Training is the vital antidote to any knowledge gap, but when it comes to mobile security our survey found it was uneven and complex, making it harder for industry professionals and retail staff to provide adequate support.
Surveys of both the iSellMobile membership and Mobile readers found that nearly half hadn’treceived any training at all. Training was far higher in the Mobile readers surveyed, with software security the main area of expertise for both groups. There was a worrying lack of knowledge about operating systems, hardware and network security across the board.
One respondent to the Mobile readers survey said they found that a major problem was the complex differences within the market: ‘The issues are knowledge gaps, complexity brought on by too many variants of similar or same OS, and speed of change in the industry.’
For store staff this breadth of choice can be a real issue too, as one respondent to the iSellMobile survey explained: ‘I find the choice and selection most difficult. If I was to recommend something and it went wrong or they got hacked, I would be to blame in the customer’s eyes, as I recommended it.
Awareness was another issue that store staff pointed out, with some saying they weren’t sure of the approach from certain players in the market: ‘The problem is I’ve not seen any official statement from the network providers or manufacturers.’
Another significant challenge when it comes to mobile security is the apathetic view that mostconsumers have towards the issue. As consumers have moved from the desktop computer to the tablet and mobile phone, they have also left behind a sense of threat and willingness to spend money protecting something you carry around in your pocket. While consumers might worry about leaving their phone on a restaurant table, they would think little about joining a dodgy WiFi network.
The problem of apathy is one that retail staff and industry professionals have to battle with every day. This response from one of the iSellMobile members revealed: ‘Customers feel they don’t need it if they haven’t run into any issues before.’ The sentiment was reflected by a comment on the Mobile survey: ‘Customers are also in many cases very lackadaisical about security, either not understanding the risk or not identifying just how big a risk this is.’
It’s an issue that extends from the shop floor to the boardroom. O2 CEO Ronan Dunne explained that no matter how hard his business tries, consumer apathy remains a challenge: ‘We have to make sure we take the balances, providing the support required and the knowledge to help people to help themselves versus taking ownership of the responsibility that people need to take online.
‘We can’t monitor individual’s behaviour on a day-to-day basis. And let’s be honest about it, people could use little things to be safe on a day-to-day basis and they choose not to. All we can do is nudge people to think about these things, but ultimately it’s up to people to be responsible for their own actions.’
Unwilling to cough up
After apathy, the next biggest challenge facing those concerned with mobile security is cost.Customers are simply not as willing to pay for security as they were in the days of desktops andlaptops. According to our survey, industry professionals are far more emphatic in their belief that additional security needs to be bought to ensure total mobile security, with around 90% of those surveyed revealing that they thought it was necessary. Fewer retail store staff felt it was needed, however, with just over half stating that to be fully protected you needed to invest money.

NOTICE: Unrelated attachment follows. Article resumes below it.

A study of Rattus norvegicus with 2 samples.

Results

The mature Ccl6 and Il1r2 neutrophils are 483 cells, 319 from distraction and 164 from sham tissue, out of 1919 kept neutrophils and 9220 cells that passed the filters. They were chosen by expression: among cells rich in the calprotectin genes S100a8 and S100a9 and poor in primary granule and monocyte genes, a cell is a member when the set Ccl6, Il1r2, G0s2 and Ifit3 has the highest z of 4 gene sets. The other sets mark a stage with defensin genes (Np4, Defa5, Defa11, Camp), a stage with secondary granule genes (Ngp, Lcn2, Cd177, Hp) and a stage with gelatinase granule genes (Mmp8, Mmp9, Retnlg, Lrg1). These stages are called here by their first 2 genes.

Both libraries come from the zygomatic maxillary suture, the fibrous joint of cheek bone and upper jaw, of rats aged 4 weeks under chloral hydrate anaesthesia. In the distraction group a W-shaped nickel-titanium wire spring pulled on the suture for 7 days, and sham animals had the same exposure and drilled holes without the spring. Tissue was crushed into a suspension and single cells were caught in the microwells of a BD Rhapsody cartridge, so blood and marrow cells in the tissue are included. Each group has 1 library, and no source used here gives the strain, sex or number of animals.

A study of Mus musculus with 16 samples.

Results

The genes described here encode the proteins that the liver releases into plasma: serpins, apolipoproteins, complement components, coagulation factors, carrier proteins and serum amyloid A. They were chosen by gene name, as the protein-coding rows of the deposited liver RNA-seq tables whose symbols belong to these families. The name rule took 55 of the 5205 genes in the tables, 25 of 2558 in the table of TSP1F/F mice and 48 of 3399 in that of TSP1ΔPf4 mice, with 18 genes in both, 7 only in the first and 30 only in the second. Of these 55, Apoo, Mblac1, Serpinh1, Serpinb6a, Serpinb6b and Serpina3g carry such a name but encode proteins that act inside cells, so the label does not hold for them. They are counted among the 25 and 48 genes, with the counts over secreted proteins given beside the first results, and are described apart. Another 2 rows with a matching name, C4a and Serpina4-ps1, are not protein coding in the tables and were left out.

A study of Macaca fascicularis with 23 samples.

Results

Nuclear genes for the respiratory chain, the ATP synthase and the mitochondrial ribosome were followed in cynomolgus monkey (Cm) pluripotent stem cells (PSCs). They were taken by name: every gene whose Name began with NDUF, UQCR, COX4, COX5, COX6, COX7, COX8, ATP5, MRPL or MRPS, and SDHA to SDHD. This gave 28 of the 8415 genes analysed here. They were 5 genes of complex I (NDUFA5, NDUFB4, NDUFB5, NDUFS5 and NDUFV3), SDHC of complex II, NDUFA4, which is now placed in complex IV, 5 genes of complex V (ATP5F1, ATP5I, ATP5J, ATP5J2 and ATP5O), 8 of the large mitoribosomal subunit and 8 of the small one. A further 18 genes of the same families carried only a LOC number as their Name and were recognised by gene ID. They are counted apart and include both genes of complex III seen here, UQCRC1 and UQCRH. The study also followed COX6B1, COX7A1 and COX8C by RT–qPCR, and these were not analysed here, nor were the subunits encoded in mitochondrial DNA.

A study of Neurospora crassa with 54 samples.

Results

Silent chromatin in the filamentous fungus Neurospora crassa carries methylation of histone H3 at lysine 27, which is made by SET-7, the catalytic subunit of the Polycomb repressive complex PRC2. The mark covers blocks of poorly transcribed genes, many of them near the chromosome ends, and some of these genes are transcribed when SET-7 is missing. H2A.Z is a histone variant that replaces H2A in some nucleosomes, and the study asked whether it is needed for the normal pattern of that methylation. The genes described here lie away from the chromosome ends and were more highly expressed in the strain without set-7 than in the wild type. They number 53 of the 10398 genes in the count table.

Retail store staff explained that cost was a major barrier for customers when it came to security,because so many of them believed that they simply didn’t need it. One comment was: ‘People are against paying extra for additional security.’ Another explained that customer perceptions were a major stumbling block: ‘The hardest part is telling them that you have to pay for a decent level of protection, as they think you are trying to sell them something else, even though you aren’t.’
Some respondents from the Mobile readership said they also found pricing prevented people from properly protecting themselves: ‘Sometimes when you want a decent security app or third-party app you will have to pay a lot for it. If a lot of the security products were a little cheaper they would be far more appealing to businesses and consumers.’
The iOS nature of the UK market has also played a role – Apple’s strict control of its productecosystem has meant that it is rarely breached. However, consumers don’t necessarily realise that they are paying for this enhanced security when they purchase Apple products. It means that they take less of an interest in it and assume they are safe. It also means that people are unwilling to pay for security for other brands, assuming they are as secure as Apple.
White noise and reputation
The frequency at which well-known and trusted brands are hacked is now at a level where thenegative impact is quite difficult to calculate. The stigma is no longer what it was and, despite the aftermath with days of bad publicity and social media backlash, companies’ reputations remain in the longer term.